Among the products where you're better off with generic: baby formula, bleach and gasoline.
Where do you stand in the generic vs. name-brand products debate? Do you proudly flaunt your thrifty buys or stealthily slip your generic purchases under oversized toilet paper packages?
Is your selection a reflection of your personal tastes or simply a matter of money?
The main reason for buying generic products is simple enough: You're a thrifty consumer. But there's something to be said for turning your nose up at marketing manipulation by major manufacturers.
You can overcome the fear that you'll make a mistake that will cost thousands of dollars to fix.
Just over a year ago my spouse and I bought our first home -- a foreclosure. A lot of repairs needed to be made -- an asbestos abatement to remove the original 1925 "octopus" furnace, refinishing hardwood floors, fixing locks, replacing electric outlets, and painting.
We hired professionals for the major projects -- furnace replacement, plumbing updates, and hardwood floor refinishing. And the easiest issues we fixed ourselves.
But there were a lot of more difficult, but not impossible, projects that needed to be done.
Under a formula in place since the 1970s, Social Security recipients likely won't get an increase for the second straight year. Is that fair?
For the second year in a row, it looks as if Social Security recipients won't get a cost-of-living raise next year.
"How can that be?" you're probably wondering. Answer: The cost of living hasn't gone up -- enough.
Whether seniors can expect an increase will be announced later this week, but numerous reports say the monthly benefits will remain where they are for 2011. The same occurred for 2010. (The Social Security trustees predicted this in 2009, so it should not be surprising.)
How can this be? A year without an increase, let alone two in a row, hasn't happened in at least 30 years.
McDonald's in Hong Kong responds to demand and will offer weddings, complete with balloon dresses and apple pie cakes.
Here's a frugal wedding reception idea we hadn't considered: Several McDonald's restaurants in Hong Kong will start offering wedding packages next year, providing a baked apple pie wedding cake, balloon dress, party favors and food for the equivalent of a few hundred dollars.
"It's unlikely that the couple will be able to book the entire restaurant for their wedding, but at that price, who cares if there are babies screaming in the booth next door?" CNN Go's Tiffany Lam wrote.
Retailers are rolling out discounts early. Let the holiday shopping season begin.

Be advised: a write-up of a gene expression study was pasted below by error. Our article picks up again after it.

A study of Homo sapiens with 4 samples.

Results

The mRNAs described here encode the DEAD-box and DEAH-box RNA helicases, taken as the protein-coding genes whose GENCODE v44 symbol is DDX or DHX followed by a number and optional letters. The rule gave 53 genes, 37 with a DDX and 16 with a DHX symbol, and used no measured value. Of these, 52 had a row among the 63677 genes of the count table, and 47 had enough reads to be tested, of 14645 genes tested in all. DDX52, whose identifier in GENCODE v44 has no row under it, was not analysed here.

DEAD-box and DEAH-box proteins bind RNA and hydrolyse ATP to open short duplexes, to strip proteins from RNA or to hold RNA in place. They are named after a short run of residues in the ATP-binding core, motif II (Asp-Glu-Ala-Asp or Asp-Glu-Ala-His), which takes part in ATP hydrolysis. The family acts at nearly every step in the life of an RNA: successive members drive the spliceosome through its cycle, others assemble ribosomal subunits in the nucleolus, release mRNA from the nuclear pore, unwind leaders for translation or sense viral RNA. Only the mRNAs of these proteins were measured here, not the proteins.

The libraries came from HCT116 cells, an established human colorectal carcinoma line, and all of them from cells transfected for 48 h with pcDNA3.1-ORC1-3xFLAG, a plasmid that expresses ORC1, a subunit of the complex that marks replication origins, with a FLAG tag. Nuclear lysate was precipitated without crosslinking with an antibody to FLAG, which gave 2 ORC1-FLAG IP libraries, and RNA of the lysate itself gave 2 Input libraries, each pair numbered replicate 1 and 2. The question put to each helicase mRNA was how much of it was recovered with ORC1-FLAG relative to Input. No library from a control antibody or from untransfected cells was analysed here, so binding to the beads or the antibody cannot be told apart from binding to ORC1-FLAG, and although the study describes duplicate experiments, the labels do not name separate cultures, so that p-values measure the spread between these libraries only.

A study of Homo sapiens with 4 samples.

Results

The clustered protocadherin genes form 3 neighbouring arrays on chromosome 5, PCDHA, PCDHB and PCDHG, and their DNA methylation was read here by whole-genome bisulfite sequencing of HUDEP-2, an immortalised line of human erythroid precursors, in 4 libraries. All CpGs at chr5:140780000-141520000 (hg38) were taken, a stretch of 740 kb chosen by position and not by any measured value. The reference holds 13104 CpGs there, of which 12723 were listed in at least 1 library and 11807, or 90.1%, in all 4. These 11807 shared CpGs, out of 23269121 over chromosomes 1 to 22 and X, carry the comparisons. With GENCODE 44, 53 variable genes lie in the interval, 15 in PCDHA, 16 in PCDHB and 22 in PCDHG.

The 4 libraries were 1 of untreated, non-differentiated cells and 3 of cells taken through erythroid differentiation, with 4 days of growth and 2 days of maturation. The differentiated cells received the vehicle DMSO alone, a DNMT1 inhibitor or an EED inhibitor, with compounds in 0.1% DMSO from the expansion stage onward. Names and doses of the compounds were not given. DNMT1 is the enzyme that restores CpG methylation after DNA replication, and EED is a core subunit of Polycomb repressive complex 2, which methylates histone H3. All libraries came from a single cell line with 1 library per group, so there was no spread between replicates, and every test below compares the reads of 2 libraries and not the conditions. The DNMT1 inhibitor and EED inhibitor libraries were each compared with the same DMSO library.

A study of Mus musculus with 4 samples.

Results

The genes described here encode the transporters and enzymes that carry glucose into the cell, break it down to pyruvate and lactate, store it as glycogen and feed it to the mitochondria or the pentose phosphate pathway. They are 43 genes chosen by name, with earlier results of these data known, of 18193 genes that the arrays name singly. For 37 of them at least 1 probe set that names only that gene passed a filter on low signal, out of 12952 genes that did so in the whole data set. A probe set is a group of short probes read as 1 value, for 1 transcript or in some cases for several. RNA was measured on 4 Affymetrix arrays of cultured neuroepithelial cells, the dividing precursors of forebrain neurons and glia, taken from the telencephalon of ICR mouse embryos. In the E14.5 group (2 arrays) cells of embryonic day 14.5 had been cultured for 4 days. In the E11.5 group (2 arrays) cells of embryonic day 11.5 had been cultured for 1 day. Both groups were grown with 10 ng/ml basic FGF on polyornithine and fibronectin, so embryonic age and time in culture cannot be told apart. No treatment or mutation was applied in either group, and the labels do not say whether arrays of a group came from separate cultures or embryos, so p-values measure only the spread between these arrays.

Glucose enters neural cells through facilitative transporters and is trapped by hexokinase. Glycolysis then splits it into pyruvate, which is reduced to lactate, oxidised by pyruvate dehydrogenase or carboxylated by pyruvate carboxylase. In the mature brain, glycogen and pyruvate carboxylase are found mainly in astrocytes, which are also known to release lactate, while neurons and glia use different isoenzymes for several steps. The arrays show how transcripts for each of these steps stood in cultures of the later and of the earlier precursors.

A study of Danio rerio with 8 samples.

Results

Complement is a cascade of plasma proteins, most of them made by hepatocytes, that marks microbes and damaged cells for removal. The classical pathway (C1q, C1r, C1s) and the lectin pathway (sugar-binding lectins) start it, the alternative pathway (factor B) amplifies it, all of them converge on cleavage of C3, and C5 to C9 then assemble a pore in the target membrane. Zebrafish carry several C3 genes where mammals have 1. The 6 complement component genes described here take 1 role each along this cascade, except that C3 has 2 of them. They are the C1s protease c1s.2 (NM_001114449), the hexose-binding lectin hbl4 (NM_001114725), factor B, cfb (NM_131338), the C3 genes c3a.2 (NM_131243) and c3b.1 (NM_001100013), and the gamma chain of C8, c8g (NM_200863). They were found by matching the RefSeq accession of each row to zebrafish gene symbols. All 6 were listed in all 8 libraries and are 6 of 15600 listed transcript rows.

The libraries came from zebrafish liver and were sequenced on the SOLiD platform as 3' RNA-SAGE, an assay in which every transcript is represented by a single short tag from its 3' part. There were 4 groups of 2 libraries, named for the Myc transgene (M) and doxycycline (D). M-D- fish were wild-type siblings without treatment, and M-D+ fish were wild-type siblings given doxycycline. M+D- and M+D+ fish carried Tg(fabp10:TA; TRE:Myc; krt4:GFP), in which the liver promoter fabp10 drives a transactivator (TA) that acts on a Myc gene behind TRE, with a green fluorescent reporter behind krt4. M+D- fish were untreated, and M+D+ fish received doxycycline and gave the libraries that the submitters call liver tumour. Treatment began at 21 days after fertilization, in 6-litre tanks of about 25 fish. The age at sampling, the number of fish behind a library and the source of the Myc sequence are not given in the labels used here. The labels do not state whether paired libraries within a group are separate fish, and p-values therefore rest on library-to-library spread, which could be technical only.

This post comes from Melinda Fulmer of MSN Money.
Retail giant Wal-Mart has fired its first shot in the holiday toy wars, dropping prices on everything from a Nerf dart gun to a poochie potty-training Barbie.
With budgets tight, analysts expect many retailers to start cutting prices ahead of the usual Black Friday shopping kickoff, so families can spread out their holiday spending.
Her great-grandfather may have founded the company, but she still can't get any help from AT&T's customer service. Sound familiar?
Updated 11:55 a.m. ET Oct 13.
Here's what customer service has come to: Even a descendent of Alexander Graham Bell can't get AT&T to fix her phone.
Helene Pancoast, a 72-year-old Miami artist who is a great-granddaughter of AT&T founder Alexander Graham Bell, lost her phone service three weeks ago. She has been stuck in bureaucratic limbo ever since.
UPDATE: After her story appeared in The Miami Herald and on MSN, Pancoast heard from AT&T, and her phone service was restored Wednesday morning. Since then, she has been receiving calls from friends she hadn't heard from in years.
People with a wedding or a baby on the way can profit handsomely when well-wishers buy gifts.
Milestones such as getting married or having a baby aren't cheap. Of course, gifts help -- and more than ever, now that a growing number of retailers are offering registrants a kickback.
This month, Babies R Us became the latest to launch a registry rewards program, joining a number of retailers -- including Macy's, Bon-Ton, Target, and Bed Bath & Beyond -- that give a rebate or discount back to the registrants.
Scammers are using Facebook to target your friends and their money.
As more and more people use Facebook and other social networks, the probability that someone you know will be ensnared by a phishing e-mail grows.
Phishing, as it applies in this case, is when someone tries to steal your login credentials by sending you an e-mail that looks like it's from the network itself. The e-mail will look as if it came from Facebook, but the links inside will go to another site that looks like Facebook, where you'll unwittingly log in and give up your credentials.
This scam works because while people are usually on guard when they get e-mails that appear to be from their bank -- though phishing for bank credentials still works more often than it should -- they aren't as aware when they get an e-mail that appears to be from Twitter or Facebook. ("Oh, Jim sent me a shotgun in Mafia Wars. Must log in to see!")
The only positive in getting your Facebook account phished is that you don't lose any financial information directly. That's why scammers have turned to the "mugged abroad" scam.